My in-laws headed home; our itinerary included a return to Hawes for a mooch (read: to walk around observing things). For Spousal Unit and I, "mooching about" is one of our favorite past-times: no matter how many times you have been somewhere, you can still observe un-noticed details, or learn something new.
St. Margaret's Church was built in 1850 to replace a smaller church.
Robert "Mouseman" Thompson was a British furniture maker. He lived in Kilburn, North Yorkshire, where he set a business manufacturing oak furniture, which featured a mouse on almost every piece.
It is claimed the mouse motif came about accidentally in 1919 following a conversation about "being as poor as a church mouse", which took place between Thompson and one of his colleagues during the carving of a cornice for a screen. This chance remark led to him carving a mouse and this remained part of his work from this point onwards.
For some time, I have been intrigued by the hand-stitched kneelers that are present in most Anglican churches in the UK. As someone who relishes cross-stitch and community service, I could envision myself producing a kneeler, but I didn't really know what's involved. Carpe diem!
|Kneelers can take 3 months or longer to complete; an average kneeler involves over 9,000 stitches just for the top|
I learned that there are thousands of church kneelers made by congregations across England and Wales. Some congregations choose a particular theme, such as nature or geometric designs. Others give the volunteers free rein. As a result, church kneelers that are local, original, and unique represent the most widely practiced form of folk art in the country. Check out this site if you would like more information. And watch for future posts - you might just see more of this artistry!
|The one on the left has clearly been well-loved!|
Although Hawes might be distant from Montana, our log-house-in-construction is never far from our minds. One shop featured heavy, metal furniture that would fit well with our rustic industrial motif - I took a picture for inspiration only - this would cost a small fortune to ship!
|Along the lanes of Hawes|
We made our way back to the car park (read: parking lot) along a public footpath, and found ourselves on the hill above St. Margaret's. It's then I realized the commanding location it has in town. Even now, I am gob-smacked (read: amazed) at the compelling beauty of the landscape that this church enjoys every single day.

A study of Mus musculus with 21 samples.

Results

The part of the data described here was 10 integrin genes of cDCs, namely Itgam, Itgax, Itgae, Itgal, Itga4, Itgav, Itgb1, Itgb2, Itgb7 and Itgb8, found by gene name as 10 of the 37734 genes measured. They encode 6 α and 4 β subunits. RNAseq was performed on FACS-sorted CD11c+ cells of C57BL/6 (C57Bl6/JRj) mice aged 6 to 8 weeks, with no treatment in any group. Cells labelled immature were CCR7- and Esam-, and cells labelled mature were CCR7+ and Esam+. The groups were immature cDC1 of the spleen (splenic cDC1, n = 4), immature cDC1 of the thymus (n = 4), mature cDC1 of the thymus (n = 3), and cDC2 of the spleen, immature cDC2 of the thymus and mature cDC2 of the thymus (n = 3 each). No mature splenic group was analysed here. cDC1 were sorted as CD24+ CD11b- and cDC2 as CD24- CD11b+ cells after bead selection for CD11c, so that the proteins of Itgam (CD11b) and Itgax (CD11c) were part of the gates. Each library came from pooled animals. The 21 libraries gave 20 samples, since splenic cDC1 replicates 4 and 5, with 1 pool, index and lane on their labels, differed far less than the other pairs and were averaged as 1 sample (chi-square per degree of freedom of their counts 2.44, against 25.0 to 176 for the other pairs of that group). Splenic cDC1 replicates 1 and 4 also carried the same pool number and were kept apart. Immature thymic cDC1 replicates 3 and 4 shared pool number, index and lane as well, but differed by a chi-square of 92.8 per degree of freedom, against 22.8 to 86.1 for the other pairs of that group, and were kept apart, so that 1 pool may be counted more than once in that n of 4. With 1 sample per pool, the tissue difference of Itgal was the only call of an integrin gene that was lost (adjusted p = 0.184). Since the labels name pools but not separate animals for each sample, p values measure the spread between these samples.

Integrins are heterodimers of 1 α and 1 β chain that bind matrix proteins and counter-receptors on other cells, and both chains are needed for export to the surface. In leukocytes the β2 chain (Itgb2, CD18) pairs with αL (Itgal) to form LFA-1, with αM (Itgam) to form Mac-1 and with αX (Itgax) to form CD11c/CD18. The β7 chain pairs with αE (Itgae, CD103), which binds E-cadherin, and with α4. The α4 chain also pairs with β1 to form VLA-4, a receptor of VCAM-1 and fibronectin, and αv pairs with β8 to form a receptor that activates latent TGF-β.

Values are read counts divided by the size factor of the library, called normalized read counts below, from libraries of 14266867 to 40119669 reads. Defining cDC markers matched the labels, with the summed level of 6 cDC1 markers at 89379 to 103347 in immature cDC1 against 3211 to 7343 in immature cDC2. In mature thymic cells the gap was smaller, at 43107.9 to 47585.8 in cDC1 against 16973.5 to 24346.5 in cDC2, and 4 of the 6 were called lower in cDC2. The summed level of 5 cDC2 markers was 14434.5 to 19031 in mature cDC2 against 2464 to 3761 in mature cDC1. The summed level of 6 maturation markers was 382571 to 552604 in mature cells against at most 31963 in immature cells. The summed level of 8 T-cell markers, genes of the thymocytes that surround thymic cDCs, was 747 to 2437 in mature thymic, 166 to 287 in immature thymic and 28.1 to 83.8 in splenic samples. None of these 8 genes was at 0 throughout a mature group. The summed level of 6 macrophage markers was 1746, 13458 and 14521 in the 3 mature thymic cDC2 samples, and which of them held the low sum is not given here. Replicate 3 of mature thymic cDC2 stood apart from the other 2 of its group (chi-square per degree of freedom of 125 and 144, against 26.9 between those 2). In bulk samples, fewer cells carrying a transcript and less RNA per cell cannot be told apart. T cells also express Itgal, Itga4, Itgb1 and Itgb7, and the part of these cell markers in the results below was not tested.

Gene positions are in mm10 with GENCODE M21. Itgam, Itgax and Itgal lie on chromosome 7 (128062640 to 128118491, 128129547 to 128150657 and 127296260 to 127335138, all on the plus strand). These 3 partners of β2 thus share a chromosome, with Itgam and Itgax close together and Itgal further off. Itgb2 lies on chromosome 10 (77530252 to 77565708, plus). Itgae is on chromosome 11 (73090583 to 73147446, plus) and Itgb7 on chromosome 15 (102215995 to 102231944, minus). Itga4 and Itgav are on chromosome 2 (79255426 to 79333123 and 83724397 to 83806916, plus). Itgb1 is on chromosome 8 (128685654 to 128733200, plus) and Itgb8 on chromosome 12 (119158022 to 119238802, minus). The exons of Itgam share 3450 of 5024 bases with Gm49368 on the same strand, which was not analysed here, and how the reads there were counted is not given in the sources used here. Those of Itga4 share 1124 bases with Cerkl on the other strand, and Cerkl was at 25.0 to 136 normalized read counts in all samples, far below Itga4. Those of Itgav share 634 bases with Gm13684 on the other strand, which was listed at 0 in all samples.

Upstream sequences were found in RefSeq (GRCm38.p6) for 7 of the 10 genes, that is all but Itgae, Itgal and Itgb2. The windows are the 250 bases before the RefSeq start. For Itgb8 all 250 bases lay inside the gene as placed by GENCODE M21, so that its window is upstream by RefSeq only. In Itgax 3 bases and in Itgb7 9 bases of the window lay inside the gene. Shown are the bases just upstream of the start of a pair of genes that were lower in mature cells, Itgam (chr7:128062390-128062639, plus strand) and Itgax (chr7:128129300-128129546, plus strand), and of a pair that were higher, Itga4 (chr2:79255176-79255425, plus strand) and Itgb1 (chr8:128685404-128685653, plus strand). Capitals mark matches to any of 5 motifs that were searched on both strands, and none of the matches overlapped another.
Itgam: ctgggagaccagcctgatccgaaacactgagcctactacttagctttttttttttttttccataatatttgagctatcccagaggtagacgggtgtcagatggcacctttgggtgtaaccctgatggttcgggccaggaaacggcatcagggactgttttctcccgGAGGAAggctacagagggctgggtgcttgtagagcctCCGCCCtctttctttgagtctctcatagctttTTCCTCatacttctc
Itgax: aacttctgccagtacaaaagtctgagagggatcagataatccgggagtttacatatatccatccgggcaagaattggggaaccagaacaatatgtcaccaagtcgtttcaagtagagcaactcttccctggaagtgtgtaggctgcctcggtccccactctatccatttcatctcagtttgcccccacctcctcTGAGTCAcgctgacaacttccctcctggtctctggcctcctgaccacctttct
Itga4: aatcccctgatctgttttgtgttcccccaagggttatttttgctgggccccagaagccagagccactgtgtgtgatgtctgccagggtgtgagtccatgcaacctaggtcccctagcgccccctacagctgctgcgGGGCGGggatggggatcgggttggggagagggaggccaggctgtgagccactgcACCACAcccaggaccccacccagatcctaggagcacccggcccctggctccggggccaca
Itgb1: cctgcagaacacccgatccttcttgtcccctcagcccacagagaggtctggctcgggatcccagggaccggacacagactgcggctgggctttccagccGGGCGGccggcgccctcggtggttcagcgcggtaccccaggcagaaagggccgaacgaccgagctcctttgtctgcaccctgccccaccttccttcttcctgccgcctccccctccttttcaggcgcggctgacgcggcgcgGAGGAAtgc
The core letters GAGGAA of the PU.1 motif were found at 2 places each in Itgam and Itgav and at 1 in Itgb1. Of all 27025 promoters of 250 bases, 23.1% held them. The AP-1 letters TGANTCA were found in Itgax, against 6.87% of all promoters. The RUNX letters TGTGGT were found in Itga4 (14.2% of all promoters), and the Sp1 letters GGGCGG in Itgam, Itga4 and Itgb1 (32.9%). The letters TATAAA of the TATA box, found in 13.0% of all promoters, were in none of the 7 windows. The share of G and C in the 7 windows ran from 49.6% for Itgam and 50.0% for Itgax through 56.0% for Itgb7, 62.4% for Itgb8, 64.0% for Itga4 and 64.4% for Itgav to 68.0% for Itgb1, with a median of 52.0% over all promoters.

Our next stop, Aysgarth Falls, is a familiar friend to our family, as a site of swimming excursions and overnight walks. One year, Spousal Unit was the beneficiary of a coffee mug embellished with a repeating mosaic of this beloved photo. If someone asked me to characterize our family when the kids were young, especially the relationship of the 'three kids', I would pull out this snap!
Today, it looks much the same as it did 9 years ago. Located in a stunning wooded gorge in Wensleydale, the Falls are comprised of an Upper, Middle and Lower Falls. Well-marked trails through the woodland allow easy access to the River Ure, with many pools and pock-marked rocks.
|Yes, those are grapes!|
For our family, a trip to Yorkshire is not complete without visiting the Friars Head, a beautiful bar/restaurant in a truly stunning location. The following is a quote from its website, which I'll use because I believe it captures the essence of the venue so perfectly: "The Friars Head is a confident and striking blend of traditional and modern design, that celebrates great quality food. What makes The Friars Head so special is the different and distinct interior themes and creative menus, developed to provide guests with their choice of a relaxed or formal experience". (I am not being paid for this; the pictures left/below illustrate why we love the place.)
|A meal without wine is called breakfast ... we enjoyed our adult beverages on the patio|
|Fig tree in the courtyard|
Pausing to smell the roses - a gratifying conclusion to another exceptional day.